Saturday, February 23, 2008

How political parties die, and rise again

Ned describes the process by which men birth ideas and then, after several convulsions and wheezes, die:
But there’s a larger if extremely obvious point to be made, that the definitions of what is assumed as conservatism, as much as liberalism, changes with time — carrying [William F.] Buckley’s point back in time, for example, he’s essentially saying that in the 1910s he would have been standing athwart history yelling ‘Stop!’ at said securing of the right to vote, an attitude which I rather doubt any right-leaning female voter or politico would stand for these days (though I gather Ann Coulter made one of her usual heavy-handed ‘jokes’ about that once, but who cares?).
Parties coalesce around ideas, and the continual division, dissolution, and reorganization of Democratic and Republican nomenclature is precisely why I no longer have a party affiliation. As an irrepressible contrarian, I've great sympathy for Buckley's definition of conservatism (which owes much to Burke and 19th century Toryism); in the days of the 24-hour news cycle, we need to take a deep breath and not let our enthusiasms occlude our judgments. That his party didn't observe his adage is only natural, as power creates its own rules, and Republicans have been in power for a long time, often with a lot of help from their friends "across the aisle."

For most of the years between 1865 and 1965 little separated a Republican from a Democrat; the surrender of the GOP to the Democratic South's stranglehold on the Supreme Court and Senate regarding civil rights remains one of the shameful episodes in our history. This same Democrat-controlled Congress backed away from the promise of the New Deal (the period in which "liberal" began its storied association with the party). Until FDR only once would the Democrats produce a candidate willing to discard old paradigms, and with all we know today, would you prefer the status quo of watchchains and laissez-faire as incarnated by Henry Cabot Lodge and Warren Harding or that vile messianic prig known as Woodrow Wilson? We also know how the events of the late sixties cleaved the parties into the shapes we know today. Ronald Reagan was the figure around whom disaffected Southerners and conservatives would rally, a solid bloc that would last until 2004, when these kinds of Republicans discovered that, while you can ignore evolution, you can't do the same to entropy.

A McCain profile in this week's New Yorker is indicative: we learn how shrewdly the GOP's likely nominee courts the good press he's accustomed to getting (not anymore, heh heh), and his kinship with the long-extinct Robert Taft wing of the Republican Party, which dissolved in the wake of Eisenhower's electoral landslide in 1952 and Senate Majority Leader Lyndon Johnson's muscling his legislative body into supporting the president's foreign policy, resulting in the bipartisan conduct of Cold War geopolitics which would hold, despite several bumps, until 1989.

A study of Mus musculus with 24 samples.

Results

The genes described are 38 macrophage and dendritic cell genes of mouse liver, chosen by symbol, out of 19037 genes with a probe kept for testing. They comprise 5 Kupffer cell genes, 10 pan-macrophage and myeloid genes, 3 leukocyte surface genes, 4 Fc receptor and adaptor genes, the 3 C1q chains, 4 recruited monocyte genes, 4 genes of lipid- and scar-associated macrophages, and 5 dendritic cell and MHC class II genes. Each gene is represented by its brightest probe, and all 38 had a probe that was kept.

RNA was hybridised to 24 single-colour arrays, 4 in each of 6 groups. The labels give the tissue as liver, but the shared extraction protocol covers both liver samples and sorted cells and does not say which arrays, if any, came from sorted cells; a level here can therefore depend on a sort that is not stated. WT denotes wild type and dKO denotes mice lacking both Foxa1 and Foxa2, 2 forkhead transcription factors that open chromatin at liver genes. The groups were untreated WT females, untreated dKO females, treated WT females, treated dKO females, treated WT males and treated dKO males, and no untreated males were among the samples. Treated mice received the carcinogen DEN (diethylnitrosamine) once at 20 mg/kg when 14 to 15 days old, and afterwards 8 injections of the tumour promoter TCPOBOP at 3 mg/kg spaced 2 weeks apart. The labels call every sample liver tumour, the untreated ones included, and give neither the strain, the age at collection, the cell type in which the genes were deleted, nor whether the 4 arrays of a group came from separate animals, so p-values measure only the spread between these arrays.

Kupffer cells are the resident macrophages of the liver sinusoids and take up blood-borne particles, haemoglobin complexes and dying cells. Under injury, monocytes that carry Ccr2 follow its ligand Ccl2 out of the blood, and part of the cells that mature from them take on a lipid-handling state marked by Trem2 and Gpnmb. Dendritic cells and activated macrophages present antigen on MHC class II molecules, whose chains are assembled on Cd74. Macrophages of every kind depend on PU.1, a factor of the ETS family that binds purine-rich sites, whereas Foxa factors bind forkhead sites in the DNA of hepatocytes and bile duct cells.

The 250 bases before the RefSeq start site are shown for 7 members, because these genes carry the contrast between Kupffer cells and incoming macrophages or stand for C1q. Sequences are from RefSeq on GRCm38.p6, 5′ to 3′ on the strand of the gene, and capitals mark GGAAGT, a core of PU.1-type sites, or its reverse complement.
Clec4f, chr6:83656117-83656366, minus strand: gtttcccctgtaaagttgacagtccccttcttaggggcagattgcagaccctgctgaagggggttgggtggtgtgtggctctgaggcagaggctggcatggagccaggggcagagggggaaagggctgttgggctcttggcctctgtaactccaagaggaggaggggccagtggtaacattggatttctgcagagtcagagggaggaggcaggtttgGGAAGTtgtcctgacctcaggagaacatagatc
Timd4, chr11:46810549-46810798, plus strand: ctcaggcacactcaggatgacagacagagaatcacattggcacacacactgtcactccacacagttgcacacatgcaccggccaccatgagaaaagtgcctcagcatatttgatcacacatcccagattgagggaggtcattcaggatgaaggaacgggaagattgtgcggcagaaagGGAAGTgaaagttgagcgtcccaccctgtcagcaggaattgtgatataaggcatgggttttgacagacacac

The history of McCain suggests that his reign as Emperor of the West would resemble Richard Nixon's in some way: enough disinterest in domestic affairs to let inevitable developments like national acceptance of gay marriage, abortion rights, and brown-skinned people cutting Mitt Romney's lawn run their course after a few disconsolate bleats for The Cornerklatch's sake; and a "muscular" foreign policy dominated by the realpolitik technocrats who, despite the loathing of the party's intelligentsia, still sneak into the Heritage Foundation's buffet line. In The New Yorker, the same David Frum whom Ned quotes understands what's happened to his party:
“The people who turned twenty between 1985 and 1990 were eight points more Republican than Democratic,” [Frum] told me. “People who turned twenty between 1970 and 1975 were eight points more Democratic than Republican. People who turned twenty between 2000 and 2005 are twelve points more Democratic.” He sees a country moving slightly to the left as Republicans are “left stranded on the right.” He told me, “If what you are is a pragmatic, business-oriented, moderate-minded person who wants things to work in a fairly competent and ethical way, and you’re under thirty—the kind of person who would have been an Eisenhower Republican and a Republican in the Nixon years and in the George H. W. Bush years—you are a Democrat today.” Frum added, “As the country becomes more single, more childless, more secular, more non-white, more immigrant, it becomes more Democratic. And all of those groups are growing.”[emphasis mine]
What we're seeing then is another realignment. If Obama wins the nomination and presidency we will have elected the first unabashed liberal Chief Executive in history; he may be "post-Vietnam" and all that, but Obama's honeyed words bespeak a role for the federal government with which George McGovern might have agreed in 1972. As for McCain, whether he wins is immaterial. The GOP of Terry Schiavo, executive secrecy, and, right, the war in Iraq is dissolving. At my university I meet lots of young conservatives, but most don't give a damn about homosexuality or illegal immigration -- what they want are jobs, and the GOP exists as a vehicle through which they funnel their anxieties. Buckley's vision of the Republican Party acknowledged no anxieties; liberals fretted about the State of Things. When parties resemble talk show audiences they don't shuffle towards Bethlehem to be born anew. In the GOP's case let's hope they no longer look at Bethlehem as someplace important.